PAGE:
How Far Would You Go for Cheaper Drugs?
Thousands of Americans are crossing the border to get the best deal on their prescriptions. Our reporter tags along.
July 14, 2000 -- It's 7:45 on a steamy Friday morning in June, and the commuter parking lot on the outskirts of Montpelier, Vermont's capital city, is filling up with people in need of drugs.
Ramona and Peter Christensen, dairy farmers from East Montpelier, approach the crowd around the two 15-passenger buses that will take them on the two-and-a-half-hour ride across the border to Montreal. "I'm a little nervous with all this money on me," says Ramona, 45, as she flashes a fat wad of cash. "Are the drug czars here yet?"
The Christensens aren't here to score marijuana or cocaine; they're after drugs for Ramona's high blood pressure, diabetes, and heart disease. And they're not alone. Drawn by prices that can be a fraction of the cost in this country, more and more Americans are crossing the border into Canada or Mexico to buy prescription drugs they cannot afford to buy at home. Indeed, the high cost of medicine in the United States is emerging as a leading political issue of the new decade: Congressional and presidential candidates alike are promising to somehow make pharmaceutical drugs affordable here, in one of the wealthiest nations of the world.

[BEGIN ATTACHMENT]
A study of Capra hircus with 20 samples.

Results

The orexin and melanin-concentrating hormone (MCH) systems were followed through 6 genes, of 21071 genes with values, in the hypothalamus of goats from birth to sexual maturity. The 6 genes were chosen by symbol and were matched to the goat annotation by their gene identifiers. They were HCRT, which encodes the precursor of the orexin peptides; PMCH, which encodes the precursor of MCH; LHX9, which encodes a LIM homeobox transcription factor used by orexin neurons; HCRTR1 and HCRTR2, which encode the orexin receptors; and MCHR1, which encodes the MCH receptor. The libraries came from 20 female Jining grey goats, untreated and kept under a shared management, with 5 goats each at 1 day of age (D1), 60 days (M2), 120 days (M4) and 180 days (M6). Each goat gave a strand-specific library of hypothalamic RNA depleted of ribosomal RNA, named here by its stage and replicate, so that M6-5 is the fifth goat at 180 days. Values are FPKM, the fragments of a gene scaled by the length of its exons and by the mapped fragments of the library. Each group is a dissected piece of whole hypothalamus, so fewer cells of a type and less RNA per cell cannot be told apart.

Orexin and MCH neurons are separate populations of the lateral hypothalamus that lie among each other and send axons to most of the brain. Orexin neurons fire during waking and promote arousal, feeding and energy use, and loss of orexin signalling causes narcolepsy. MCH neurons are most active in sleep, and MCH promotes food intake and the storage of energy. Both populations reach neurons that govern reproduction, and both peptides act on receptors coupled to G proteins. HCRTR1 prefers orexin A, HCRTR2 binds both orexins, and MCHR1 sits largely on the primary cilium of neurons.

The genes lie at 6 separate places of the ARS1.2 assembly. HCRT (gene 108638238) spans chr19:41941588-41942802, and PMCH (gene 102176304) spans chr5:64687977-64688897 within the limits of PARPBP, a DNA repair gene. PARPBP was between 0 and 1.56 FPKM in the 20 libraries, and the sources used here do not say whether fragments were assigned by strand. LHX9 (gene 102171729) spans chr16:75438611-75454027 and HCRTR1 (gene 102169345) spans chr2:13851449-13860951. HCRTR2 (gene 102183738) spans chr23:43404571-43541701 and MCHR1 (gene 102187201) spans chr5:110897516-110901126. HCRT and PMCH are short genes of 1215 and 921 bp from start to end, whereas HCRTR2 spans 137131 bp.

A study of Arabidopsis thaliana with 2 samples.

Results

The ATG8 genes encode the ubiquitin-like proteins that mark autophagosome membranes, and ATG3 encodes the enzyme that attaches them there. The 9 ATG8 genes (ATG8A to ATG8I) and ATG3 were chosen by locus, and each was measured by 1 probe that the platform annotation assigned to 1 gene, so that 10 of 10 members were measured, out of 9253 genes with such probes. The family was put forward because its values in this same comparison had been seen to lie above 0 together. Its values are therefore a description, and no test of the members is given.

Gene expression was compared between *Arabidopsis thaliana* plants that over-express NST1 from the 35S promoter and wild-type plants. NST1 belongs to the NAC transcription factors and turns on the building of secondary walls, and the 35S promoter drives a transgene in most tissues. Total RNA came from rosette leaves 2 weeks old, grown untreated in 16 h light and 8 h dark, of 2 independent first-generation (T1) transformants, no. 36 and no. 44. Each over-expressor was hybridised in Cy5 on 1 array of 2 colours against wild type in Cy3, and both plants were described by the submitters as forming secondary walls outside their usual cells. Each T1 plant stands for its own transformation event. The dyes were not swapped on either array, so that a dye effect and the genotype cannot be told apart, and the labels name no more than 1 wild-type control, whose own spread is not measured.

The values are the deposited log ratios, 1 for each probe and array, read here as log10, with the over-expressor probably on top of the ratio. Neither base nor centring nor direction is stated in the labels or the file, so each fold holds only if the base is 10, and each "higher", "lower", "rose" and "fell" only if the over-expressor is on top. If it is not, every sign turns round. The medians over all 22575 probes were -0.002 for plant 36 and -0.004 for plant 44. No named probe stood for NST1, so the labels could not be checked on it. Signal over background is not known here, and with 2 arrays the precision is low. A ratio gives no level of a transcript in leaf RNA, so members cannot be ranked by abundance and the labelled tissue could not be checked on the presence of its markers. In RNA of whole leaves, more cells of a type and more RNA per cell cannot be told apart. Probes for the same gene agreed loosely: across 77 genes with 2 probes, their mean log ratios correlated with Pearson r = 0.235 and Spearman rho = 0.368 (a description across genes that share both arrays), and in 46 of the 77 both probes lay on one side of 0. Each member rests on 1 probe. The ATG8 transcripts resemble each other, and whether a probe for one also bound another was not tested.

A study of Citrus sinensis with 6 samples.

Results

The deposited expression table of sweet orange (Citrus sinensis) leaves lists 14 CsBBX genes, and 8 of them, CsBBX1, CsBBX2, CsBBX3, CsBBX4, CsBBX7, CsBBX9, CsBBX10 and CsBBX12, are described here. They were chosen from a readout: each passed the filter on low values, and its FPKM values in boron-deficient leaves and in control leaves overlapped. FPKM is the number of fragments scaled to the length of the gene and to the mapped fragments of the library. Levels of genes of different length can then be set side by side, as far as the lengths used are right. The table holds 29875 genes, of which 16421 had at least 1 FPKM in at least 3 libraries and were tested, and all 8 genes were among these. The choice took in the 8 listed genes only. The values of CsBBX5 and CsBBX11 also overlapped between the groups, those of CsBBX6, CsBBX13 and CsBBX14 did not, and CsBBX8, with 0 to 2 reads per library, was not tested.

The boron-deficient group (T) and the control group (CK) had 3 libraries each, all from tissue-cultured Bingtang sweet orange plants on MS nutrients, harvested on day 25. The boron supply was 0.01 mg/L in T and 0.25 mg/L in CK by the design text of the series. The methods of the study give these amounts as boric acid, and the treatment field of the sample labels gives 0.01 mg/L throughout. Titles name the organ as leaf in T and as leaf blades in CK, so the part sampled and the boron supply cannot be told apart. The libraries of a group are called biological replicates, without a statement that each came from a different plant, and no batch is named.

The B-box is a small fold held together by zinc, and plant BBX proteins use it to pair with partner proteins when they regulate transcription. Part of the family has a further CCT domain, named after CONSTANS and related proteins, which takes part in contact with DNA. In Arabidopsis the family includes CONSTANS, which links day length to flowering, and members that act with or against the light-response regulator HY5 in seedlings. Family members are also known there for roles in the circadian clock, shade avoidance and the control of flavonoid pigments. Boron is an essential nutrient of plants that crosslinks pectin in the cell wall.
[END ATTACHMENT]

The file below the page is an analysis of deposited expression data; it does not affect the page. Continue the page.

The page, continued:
A Huge Difference in Price
Because other nations have price controls on drugs, savings across the border can be dramatic: A one-year supply of tamoxifen, a cancer suppressant widely prescribed for survivors of breast cancer, costs about $1,400 in the United States but just $125 in Canada. Ramona Christensen's 30-day supply of Lipitor, a drug used to lower cholesterol, costs $144 here and $85 in Canada.